As we approach the end of winter, we can start to feel a little relieved that the health service did not experience another pandemic wave and life can seem to be more normal than we thought it would be. Most of those in the health service will report that it has been very tough, but if compared to the peak of the pandemic, it has been better than it could have been, writes Dr. Peter Lachman.
As we go about our daily business, life seems to be normal. People have stopped the precautions that were so needed, such as physical distancing and the wearing of masks. Hand hygiene probably is back to normal, i.e. people are not as fastidious and hospital acquired infections are probably going to go up.
COVID has provided many lessons and one is that is clear that patient safety remains a challenge to us all, especially with the demands on the service. How can we think of being safe when we have long waiting times, oversubscribed facilities and a workforce that is overstretched?
Every year there is a global summit of health ministers to discuss safety. The 5th Global Ministerial Summit of Health Ministers , which was delayed by COVID, was held in Montreux this month to discuss patient safety. Experts from around the world discussed patient safety and hope to influence health ministers to implement safety as part of their strategic priorities for healthcare. But will this be no more than another talking shop, with no relationship to the reality on the ground i.e. too much demand for overstretched resources in systems that have not been designed to be safe? There is a clear disconnect between the academic theory discussed, the policy makers who will decide what to do, and the frontline healthcare workers who actually deliver the service.
A recent paper in the New England Journal of Medicine, used the same methodology as in the landmark 1991 Harvard Medical Practice study, supplemented by a trigger tool and a wider definition of adverse events. They implemented a retrospective cohort study reviewing a random sample of admissions to 11 hospitals in Massachusetts in 2018. They studied 2809 admissions. Despite nearly 20 years of patient safety initiatives spurred on by the To Err is Human report, Bates and colleagues reported that “at least one adverse event was identified in 23.6% of the admissions, and 9.0% of the admissions included an adverse event that was rated as serious (i.e., caused harm that resulted in substantial intervention or prolonged recovery), life-threatening, or fatal. Overall, 22.7% of the adverse events were judged to be preventable.” In a commentary on the findings, Don Berwick suggests that we need to have a common vision for the defined goal of patient safety. He calls on leaders, i.e. clinical frontline leaders, the executive leadership teams, the Boards, and the policy makers, to make patient safety a priority in all decision making. But this is not easy, given the pressures that we face.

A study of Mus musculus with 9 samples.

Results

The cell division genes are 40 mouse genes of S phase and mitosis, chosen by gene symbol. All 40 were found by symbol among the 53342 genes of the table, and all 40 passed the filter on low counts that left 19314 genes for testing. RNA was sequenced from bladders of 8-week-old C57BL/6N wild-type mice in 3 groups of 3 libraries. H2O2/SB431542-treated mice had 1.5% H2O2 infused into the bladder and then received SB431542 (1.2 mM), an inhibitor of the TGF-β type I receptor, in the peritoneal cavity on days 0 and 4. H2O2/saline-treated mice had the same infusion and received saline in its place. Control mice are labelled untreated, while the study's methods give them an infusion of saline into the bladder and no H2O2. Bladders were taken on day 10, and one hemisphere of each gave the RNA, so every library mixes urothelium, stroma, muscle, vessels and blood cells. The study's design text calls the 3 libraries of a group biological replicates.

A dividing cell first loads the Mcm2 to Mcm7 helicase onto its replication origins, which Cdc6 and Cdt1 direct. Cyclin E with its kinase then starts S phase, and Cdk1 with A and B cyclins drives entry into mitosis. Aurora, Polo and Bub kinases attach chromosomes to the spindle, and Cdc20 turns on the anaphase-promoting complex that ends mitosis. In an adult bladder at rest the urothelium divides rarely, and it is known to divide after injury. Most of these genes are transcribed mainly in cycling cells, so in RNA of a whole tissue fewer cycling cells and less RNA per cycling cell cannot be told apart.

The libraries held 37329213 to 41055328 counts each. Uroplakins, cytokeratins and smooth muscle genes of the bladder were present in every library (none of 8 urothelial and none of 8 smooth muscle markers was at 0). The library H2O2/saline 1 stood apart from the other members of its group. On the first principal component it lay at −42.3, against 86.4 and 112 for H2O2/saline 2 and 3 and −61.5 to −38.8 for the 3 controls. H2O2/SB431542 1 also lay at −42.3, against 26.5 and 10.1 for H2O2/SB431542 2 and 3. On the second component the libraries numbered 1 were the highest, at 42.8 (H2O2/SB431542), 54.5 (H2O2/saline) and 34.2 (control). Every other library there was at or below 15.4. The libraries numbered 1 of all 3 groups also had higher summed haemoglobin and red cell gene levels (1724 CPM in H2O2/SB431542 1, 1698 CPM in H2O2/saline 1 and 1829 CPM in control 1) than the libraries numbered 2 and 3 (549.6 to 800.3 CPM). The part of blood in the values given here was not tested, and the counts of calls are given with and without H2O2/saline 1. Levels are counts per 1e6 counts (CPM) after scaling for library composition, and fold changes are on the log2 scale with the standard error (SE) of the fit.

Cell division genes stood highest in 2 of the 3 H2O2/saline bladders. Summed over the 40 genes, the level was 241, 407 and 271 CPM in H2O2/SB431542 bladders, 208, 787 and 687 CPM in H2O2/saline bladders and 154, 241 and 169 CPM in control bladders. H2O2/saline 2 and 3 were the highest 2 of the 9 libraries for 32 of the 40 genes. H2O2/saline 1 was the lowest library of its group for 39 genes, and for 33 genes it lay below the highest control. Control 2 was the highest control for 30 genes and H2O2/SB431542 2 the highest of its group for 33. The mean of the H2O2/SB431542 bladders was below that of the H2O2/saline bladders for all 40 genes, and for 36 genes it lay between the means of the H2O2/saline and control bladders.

There is much to learn from the pandemic and there are several publications available that can help us as we plan our next moves. The OECD recently published a paper for the summit on Advancing patient safety governance in the COVID-19 response. Leaders and those in management should read the report to understand how we can meet the challenge make patient safety a priority. COVID has confronted the system and demonstrated that, despite all the advances, patient safety is still not a given in the current system of care. Much has to be done as we go forward and we need to think differently if we are to be safe.
Key elements of thinking differently include moving from the fixation on harm events and to studying what works as well as focussing on near misses. The exploration of success will , develop resilience and agility in the workforce and enhance a culture of safety. This can be achieved through coproducing solutions with the people delivering care, rather than dictating how care should be safe. System wide learning is essential. There are many new initiatives at the HSE that can assist, including the new Patient Safety Together learning platform.
Over the course of the year my blogs will cover different elements of how we can be safe and make healthcare better for all.